For his Broadway debut, Hanks, 56, will get 2 percent of ticket sales should producers extend the run and recast his role as New York tabloid reporter Mike McAlary, according to the show’s operating agreement.
Hanks’s in-absentia pay continues as long as the show runs on Broadway.
Previews for Nora Ephron’s play begin March 1 at the Broadhurst Theatre. Hanks, who has committed to perform for 15 weeks, will earn 12.5 percent of the weekly box office, with a $75,000 minimum. His weekly take could reach $150,000 if the show sells out.
“Lucky Guy” is about police reporters and editors from 1985 to 1998, when McAlary died, at 41, of colon cancer. That year, McAlary won a Pulitzer Prize for his coverage of the Abner Louima police-abuse case. He is survived by four children and his wife, Alice McAlary (played in the show by Maura Tierney, of “The Good Wife”).
Hanks’s pay is in line with that of other A-list actors appearing on Broadway. They attract customers willing to pay top dollar for tickets. But the high salary can undermine investors’ chances to make money.
“He’s a huge star, virtually as big as they come,” said Steven Baruch, a theatrical producer who isn’t involved with the show. “It all depends on premium pricing. If people pay enough for the seats, the margins may not be so thin.”
Ticket prices for “Lucky Guy” currently top out at $350, according to Telecharge.com. They may go up or down, depending on the availability of tickets during the limited run.
The Lucky Guy Broadway LLC operating agreement was obtained from the office of New York Attorney General Eric Schneiderman via a Freedom of Information Law request.
The Sept. 28, 2012, agreement states that the show’s finances may change, though significant revisions are rare. Jim Byk, a spokesman for lead producers Colin Callender, Arielle Madover and Roy Furman, declined to comment.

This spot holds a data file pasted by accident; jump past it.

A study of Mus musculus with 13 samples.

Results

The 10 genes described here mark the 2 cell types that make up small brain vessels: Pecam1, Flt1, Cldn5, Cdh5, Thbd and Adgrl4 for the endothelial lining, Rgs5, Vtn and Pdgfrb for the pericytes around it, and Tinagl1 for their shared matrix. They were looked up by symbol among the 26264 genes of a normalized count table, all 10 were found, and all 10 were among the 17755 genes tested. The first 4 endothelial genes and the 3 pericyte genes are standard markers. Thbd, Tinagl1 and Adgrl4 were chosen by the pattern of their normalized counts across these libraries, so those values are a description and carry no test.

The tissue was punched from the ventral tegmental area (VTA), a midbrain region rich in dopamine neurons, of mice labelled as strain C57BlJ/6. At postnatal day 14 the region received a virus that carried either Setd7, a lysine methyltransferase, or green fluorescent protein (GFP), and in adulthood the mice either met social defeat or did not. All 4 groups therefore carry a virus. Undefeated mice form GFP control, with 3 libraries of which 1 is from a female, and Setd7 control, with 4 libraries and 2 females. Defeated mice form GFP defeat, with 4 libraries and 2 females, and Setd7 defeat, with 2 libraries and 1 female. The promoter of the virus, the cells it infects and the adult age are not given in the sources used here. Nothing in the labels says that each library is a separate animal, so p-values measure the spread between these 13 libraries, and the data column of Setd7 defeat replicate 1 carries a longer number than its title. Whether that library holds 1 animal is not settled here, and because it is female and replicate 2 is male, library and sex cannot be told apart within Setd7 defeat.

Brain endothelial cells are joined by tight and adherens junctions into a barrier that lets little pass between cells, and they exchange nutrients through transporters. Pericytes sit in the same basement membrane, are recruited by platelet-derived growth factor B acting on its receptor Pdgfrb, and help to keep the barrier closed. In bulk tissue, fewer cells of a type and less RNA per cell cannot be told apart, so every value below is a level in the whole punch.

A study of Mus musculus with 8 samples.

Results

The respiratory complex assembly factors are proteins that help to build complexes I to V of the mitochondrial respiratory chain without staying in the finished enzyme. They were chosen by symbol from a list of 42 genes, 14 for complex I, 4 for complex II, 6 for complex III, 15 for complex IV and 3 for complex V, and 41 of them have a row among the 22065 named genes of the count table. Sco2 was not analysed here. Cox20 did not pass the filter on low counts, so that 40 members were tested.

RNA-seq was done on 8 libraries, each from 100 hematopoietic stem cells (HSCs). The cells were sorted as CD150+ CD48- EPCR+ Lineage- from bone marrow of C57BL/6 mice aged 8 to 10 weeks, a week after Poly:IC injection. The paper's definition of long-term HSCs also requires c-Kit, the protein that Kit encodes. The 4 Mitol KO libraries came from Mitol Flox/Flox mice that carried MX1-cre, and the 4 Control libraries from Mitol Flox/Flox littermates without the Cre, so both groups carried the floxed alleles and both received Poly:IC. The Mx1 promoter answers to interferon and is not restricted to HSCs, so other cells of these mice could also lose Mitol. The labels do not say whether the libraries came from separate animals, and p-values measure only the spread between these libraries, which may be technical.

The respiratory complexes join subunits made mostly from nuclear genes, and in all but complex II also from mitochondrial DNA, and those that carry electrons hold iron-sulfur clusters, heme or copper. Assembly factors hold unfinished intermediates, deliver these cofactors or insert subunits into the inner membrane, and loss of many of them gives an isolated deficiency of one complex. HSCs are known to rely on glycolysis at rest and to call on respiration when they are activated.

The show was capitalized at $3.2 million to $3.6 million. For the investors to break even after 15 weeks, “Lucky Guy” must fill about 80 percent of the theater’s approximately 1,200 seats and average ticket sales of $810,000 to $873,000 weekly.
Hanks’s stage experience is limited. As a teenager, he worked for three seasons at the Great Lakes Theater Festival in Cleveland, Ohio, where he built and moved sets and did some acting.
A check of Telecharge.com shows that tickets appear to be selling briskly, with the best seats hard to find. Hanks earns $19 for every $152 orchestra ticket sold. If the show pays back investors plus 15 percent, his take rises to 15 percent of box office, with a $100,000 weekly guarantee. (Box office sales in this story omit credit card commissions.)
Hanks also earns an undisclosed cut of profits. For his recent “Glengarry Glen Ross” revival, Al Pacino was guaranteed $125,000 a week plus 5 percent of profits.
For “star expenses,” the “Lucky Guy” production set aside a lump-sum $12,000, plus $3,500 a week. Hanks gets a car and driver and a flexible schedule.
“Hanks may require certain time off from performances for promoting other interests, or for personal matters,” the operating agreement said.
Stars requesting a percentage of the box office when they leave is new, said Emanuel Azenberg, a veteran Broadway producer.
“It’s unusual but not unheard of, and certainly not unasked for,” Azenberg said. “If you don’t have Tom Hanks or you don’t have a star, plays don’t get done anymore.” Azenberg added that producers of new plays are seldom able to replace one star with another, who would be inviting comparison to the originator of a role.
The “Glengarry” revival was profitable and “Cat on a Hot Tin Roof” with Scarlett Johansson is on track to recoup by a whisker. “The Heiress” with Jessica Chastain recoups this week, its producers said. Last season’s “Evita” with Ricky Martin closed in January at a loss.
To contact the editor responsible for this story: Manuela Hoelterhoff in New York at firstname.lastname@example.org.